It’s the third or fourth Saturday in which I’ve made a conscious effort to get out and see friends more, but my guilty conscience is keeping me busy, almost as if it wants me to miss the next train to Manhattan. I dole out one, then two and then three last hugs to my toddler son. I make sure I’ve cut up my 5-year-old daughter’s apple, even though she’s capable of eating it like a big girl. I fret about whether their most comfortable pajamas are out of the dryer. I’ll be gone for no more than five or six hours, yet I’m acting like the planet will fall apart if I don’t tend to every last detail.
Just when I’ve realized I will have to wait another hour for a train if I don’t leave right this second, my daughter begins to whine and pout. “I don’t want you to go,” she says, then reaches out for another hug. Without thinking I reply, “We’ll do whatever you want tomorrow — you choose an activity, and we’ll do it.”
My husband, who is sitting in the living room, overhears our exchange and rushes in to save me from myself: “Go,” he says. “She’ll be fine.”
He’s right. But it’s difficult to shake memories of my own mom and her active social life every time I step out for an evening with friends or embark on a solo journey to check out galleries. It isn’t the same feeling I get when I attend an event related to work — that’s not optional as far as I’m concerned and offers my family financial comfort. It’s the whole I-have-a-choice-here-and-I-don’t-choose-you-ness about the situation of hanging out with friends that I am working on abandoning.
Growing up, my mother was a disco queen with a closet filled with high heels made from Italian leather. She had and still has the same group of friends since high school. She’s the only person I’ve ever met who got married, gave birth to two kids and continued to add to her collection of friends with even more friends — friends from work, friends of friends, a good friend she met while waiting for me outside of ballet class. There were plenty of times when her extroverted personality did a world of good for me by serving as a model for how to cut the umbilical cord and enjoy an adult life to the fullest. Hers was an attitude that is largely looked down upon by many parents these days who feel they must put all of their children’s many activities and needs ahead of their own at all times.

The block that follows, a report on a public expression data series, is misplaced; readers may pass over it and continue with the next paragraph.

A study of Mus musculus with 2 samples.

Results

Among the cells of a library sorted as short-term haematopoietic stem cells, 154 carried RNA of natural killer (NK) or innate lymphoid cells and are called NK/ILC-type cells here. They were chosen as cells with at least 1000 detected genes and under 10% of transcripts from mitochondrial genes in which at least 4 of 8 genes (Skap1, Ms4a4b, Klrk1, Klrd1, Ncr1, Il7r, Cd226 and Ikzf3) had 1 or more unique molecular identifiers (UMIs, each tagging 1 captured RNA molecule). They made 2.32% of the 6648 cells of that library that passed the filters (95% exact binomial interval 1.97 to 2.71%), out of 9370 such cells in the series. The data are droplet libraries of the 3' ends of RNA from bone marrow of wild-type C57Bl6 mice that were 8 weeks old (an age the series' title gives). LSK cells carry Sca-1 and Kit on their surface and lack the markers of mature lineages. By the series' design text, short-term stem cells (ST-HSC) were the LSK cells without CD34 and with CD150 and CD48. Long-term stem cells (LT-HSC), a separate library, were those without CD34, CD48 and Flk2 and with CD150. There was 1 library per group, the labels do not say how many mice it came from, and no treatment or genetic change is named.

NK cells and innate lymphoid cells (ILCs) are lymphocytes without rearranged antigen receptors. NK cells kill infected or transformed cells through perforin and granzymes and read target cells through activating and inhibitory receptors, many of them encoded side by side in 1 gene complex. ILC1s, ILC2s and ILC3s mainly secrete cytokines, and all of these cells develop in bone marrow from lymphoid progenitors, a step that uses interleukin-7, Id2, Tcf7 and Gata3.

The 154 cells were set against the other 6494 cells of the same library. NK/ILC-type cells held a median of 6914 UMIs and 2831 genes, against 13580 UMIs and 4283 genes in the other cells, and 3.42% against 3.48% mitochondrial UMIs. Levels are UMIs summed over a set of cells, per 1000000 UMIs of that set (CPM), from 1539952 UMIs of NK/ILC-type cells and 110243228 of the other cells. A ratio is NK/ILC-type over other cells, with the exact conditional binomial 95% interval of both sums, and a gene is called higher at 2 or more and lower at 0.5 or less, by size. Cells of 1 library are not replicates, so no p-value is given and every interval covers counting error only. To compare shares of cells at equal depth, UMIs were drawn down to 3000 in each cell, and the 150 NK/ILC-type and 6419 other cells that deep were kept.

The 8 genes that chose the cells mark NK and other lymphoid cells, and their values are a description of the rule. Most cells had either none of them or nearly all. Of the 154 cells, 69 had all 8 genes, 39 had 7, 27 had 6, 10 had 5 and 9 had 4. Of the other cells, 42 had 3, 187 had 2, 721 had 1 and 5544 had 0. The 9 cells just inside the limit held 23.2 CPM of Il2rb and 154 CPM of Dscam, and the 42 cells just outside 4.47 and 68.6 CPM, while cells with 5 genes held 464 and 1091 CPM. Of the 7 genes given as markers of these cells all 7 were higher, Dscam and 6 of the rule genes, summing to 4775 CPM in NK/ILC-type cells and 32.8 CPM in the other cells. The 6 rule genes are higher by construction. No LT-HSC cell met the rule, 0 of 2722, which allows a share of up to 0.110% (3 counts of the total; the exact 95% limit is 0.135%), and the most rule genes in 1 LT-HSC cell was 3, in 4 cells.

I was fed well, had beautiful clothes, nightly baths and all the other privileges given to children who don’t have to worry about a damn thing. That’s why I’m embarrassed to admit the smell of Opium perfume still makes me sad. That disgustingly potent mix of coriander, plum and mandarin orange, which will forever remind me of brothels filled with 15-year-old orphans, was the last trace of my mother that I could hold onto after she whizzed out the door after dinner.
When I was 4 and 5, she left to be with friends and, later, to work a night job that she needed at the time to maintain her sanity. Unbeknownst to me at the time, she and my father were at the beginning stages of having marital problems that wouldn’t officially blow up until I was 12. Her absence was a way to escape and protect herself — but her absence also forced me to take sides in their conflict.
As a child, and especially as a daughter, I desperately wanted to identify with my mother. I wanted to know that she would take me back, over and over again, no matter what I did. But when you find yourself at age 5 hanging on the couch with your dad every night, watching Three’s Company and Jeopardy! and singing along to ’60s pop songs by Italian singers as he strums his acoustic guitar and shows you why E7 is the most beautiful chord of all, you begin to equate dads with stability and unconditional love.
When your evenings involve being dragged to Dad’s soccer games, Dad having no clue how to detangle your hair so he either pulls too hard or leaves you with a rat’s nest, sitting outside in your pajamas with your older brother and a telescope, eating another cookie because Dad isn’t actually watching, and somehow getting to watch episodes of Dynasty when it’s past your bedtime, you start to think: I may not get Dad, and Dad doesn’t get me all the time, but Dad is there, and that means Dad thinks I’m important.
It took years to understand that my mother felt she was serving both worlds by being there for us during the day and attending to her needs at night. It took becoming a parent to fully comprehend how much we do for our kids and how easy it is to neglect ourselves. But I still struggle those nights when I voluntarily leave my family to have fun. I picture my daughter rummaging through my closet and trying on my shoes so that she feels closer to me.
Then I pull myself together and remind myself that my children are not living my childhood, that I am not my mother. At the end of the day, my mother was a human being with desires, fears, flaws and many strengths. It’s possible I would have grown to despise Opium even if she never left the house.